Meeting the Demands of PAM4 Systems at 56Gbps and Beyond

July 2019

Alfred P. Neves, CTO, Wild River Technology
Matthew Burns, Product Marketing Manager–High Speed, Samtec

Mike Gianfagna, VP, Marketing, eSilicon

Tim Horel, Director of Field Applications, eSilicon

Our discussion will focus on PAM4 (pulse amplitude modulation) systems operating at 56 Gigabits per second and beyond. PAM4 is a modulation technique whereby four distinct pulse amplitudes are used to convey the information. PAM4 enables twice the transmission capacity when compared to binary modulation. Because the additional voltage levels in PAM4 reduce the level spacing by a factor of three, PAM4 is more susceptible to noise than a binary digital signal, thus requiring a higher signal- to-noise (SNR) ratio. Consequently, PAM4 is normally used for short-reach applications where a higher SNR can be obtained.

We will explore how this shortcoming can be overcome, resulting in very long-reach signaling with PAM4 encoding over a copper cable to enable next-generation 25.6 and 51.2Tb/s switches, routers and 800G systems. Delivering this capability has two challenges — working silicon that can deliver the required performance and a SerDes test fixture that allows system designers to verify performance in their target application. We will discuss both challenges. Download white paper.

A Practical Method to Model Effective Permittivity and Phase Delay Due to Conductor Surface Roughness

DesignCon 2017

Lambert (Bert) Simonovich, Lamsim Enterprises Inc.

In the GB/s regime, accurate modeling of conductor loss and phase delay is a precursor to successful high-speed serial link designs. In this paper, a practical method to model effective permittivity and phase delay, due to conductor surface roughness, is presented. By obtaining the dielectric and roughness parameters, solely from manufacturers’ data sheets, phase delay and effective permittivity can now be easily predicted. Detailed case studies and several examples test the model`s accuracy. Download white paper.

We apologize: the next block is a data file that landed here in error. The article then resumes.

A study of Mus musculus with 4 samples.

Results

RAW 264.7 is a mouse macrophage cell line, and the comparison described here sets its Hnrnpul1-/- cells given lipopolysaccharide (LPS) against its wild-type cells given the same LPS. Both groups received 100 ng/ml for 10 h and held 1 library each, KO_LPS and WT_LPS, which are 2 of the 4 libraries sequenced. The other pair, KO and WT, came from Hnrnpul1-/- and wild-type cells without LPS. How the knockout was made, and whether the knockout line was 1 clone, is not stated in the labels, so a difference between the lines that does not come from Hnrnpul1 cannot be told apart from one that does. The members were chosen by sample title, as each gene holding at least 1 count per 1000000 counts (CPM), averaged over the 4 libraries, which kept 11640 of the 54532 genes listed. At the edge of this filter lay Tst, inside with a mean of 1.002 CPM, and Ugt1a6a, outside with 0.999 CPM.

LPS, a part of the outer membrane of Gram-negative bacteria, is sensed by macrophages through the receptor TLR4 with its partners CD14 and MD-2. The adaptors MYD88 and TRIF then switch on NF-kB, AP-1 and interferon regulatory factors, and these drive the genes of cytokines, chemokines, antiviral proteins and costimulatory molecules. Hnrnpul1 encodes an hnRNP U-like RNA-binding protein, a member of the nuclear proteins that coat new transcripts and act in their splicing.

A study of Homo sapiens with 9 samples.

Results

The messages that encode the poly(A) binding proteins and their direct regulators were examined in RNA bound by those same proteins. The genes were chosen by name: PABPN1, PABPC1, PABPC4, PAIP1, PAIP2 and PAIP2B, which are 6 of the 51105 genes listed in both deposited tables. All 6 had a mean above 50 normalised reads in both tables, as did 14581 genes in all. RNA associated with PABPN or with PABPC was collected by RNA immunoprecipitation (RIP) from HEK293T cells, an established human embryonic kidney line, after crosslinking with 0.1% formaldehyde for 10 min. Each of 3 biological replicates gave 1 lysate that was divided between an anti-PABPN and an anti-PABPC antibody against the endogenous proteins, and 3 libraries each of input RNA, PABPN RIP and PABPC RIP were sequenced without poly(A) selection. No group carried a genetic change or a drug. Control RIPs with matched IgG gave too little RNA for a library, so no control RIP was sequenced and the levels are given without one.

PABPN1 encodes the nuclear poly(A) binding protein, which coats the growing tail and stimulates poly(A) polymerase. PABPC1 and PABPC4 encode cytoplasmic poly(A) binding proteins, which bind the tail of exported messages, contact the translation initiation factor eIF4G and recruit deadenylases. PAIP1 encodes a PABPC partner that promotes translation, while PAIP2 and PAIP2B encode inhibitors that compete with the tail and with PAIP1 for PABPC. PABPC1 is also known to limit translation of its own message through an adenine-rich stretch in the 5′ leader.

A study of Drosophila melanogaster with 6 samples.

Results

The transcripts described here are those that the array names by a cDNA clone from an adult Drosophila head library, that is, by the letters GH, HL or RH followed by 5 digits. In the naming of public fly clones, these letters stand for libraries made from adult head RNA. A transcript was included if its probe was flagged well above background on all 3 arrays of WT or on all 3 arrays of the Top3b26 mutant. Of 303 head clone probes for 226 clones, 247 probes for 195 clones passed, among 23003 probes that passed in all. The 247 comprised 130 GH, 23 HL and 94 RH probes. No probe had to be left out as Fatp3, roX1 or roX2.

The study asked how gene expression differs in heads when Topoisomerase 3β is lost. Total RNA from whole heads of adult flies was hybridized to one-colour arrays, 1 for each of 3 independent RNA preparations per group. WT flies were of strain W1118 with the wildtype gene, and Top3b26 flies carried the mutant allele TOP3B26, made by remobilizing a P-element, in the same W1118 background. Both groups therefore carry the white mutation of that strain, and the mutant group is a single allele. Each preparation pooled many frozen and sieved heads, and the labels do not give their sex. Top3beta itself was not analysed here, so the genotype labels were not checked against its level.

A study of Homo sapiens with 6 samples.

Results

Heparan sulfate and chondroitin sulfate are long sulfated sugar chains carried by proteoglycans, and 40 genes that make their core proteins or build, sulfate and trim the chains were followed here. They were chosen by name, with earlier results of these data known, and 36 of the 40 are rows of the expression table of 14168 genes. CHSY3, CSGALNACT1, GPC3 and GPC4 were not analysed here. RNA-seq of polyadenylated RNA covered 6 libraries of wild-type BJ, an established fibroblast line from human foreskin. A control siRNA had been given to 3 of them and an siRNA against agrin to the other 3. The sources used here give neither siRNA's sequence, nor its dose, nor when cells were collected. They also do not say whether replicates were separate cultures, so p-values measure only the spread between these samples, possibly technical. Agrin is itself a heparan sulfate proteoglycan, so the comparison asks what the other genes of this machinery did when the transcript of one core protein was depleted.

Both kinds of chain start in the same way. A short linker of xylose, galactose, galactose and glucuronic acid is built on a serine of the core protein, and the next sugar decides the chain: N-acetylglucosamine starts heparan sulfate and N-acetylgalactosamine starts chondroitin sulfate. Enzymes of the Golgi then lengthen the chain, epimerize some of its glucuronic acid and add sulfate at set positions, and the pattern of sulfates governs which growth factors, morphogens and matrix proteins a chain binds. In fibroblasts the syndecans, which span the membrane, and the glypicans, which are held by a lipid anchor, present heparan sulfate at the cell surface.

BER- and COM-Way of Channel-Compliance Evaluation: What are the Sources of Differences?

DesignCon 2016

Vladimir Dmitriev-Zdorov, Mentor Graphics

Cristian Filip, Mentor Graphics

Chuck Ferry, Mentor Graphics
Alfred P. Neves, Wild River Technology

We analyze the computational procedure specified for Channel Operation Margin (COM) and compare it to traditional statistical eye/BER analysis. There are a number of differences between the two approaches, ranging from how they perform channel characterization, to how they consider Tx and Rx noise and apply termination, to the differences between numerical procedures employed to convert given jitter and crosstalk responses into the vertical distribution characterizing eye diagrams and BER. We show that depending on the channel COM may potentially overestimate the effect of crosstalk and, depending on a number of factors, over- or underestimate the effect of transmit jitter, especially when the channel operates at the rate limits. We propose a modification to the COM procedure that eliminates these problems without considerable work increase. Download white paper.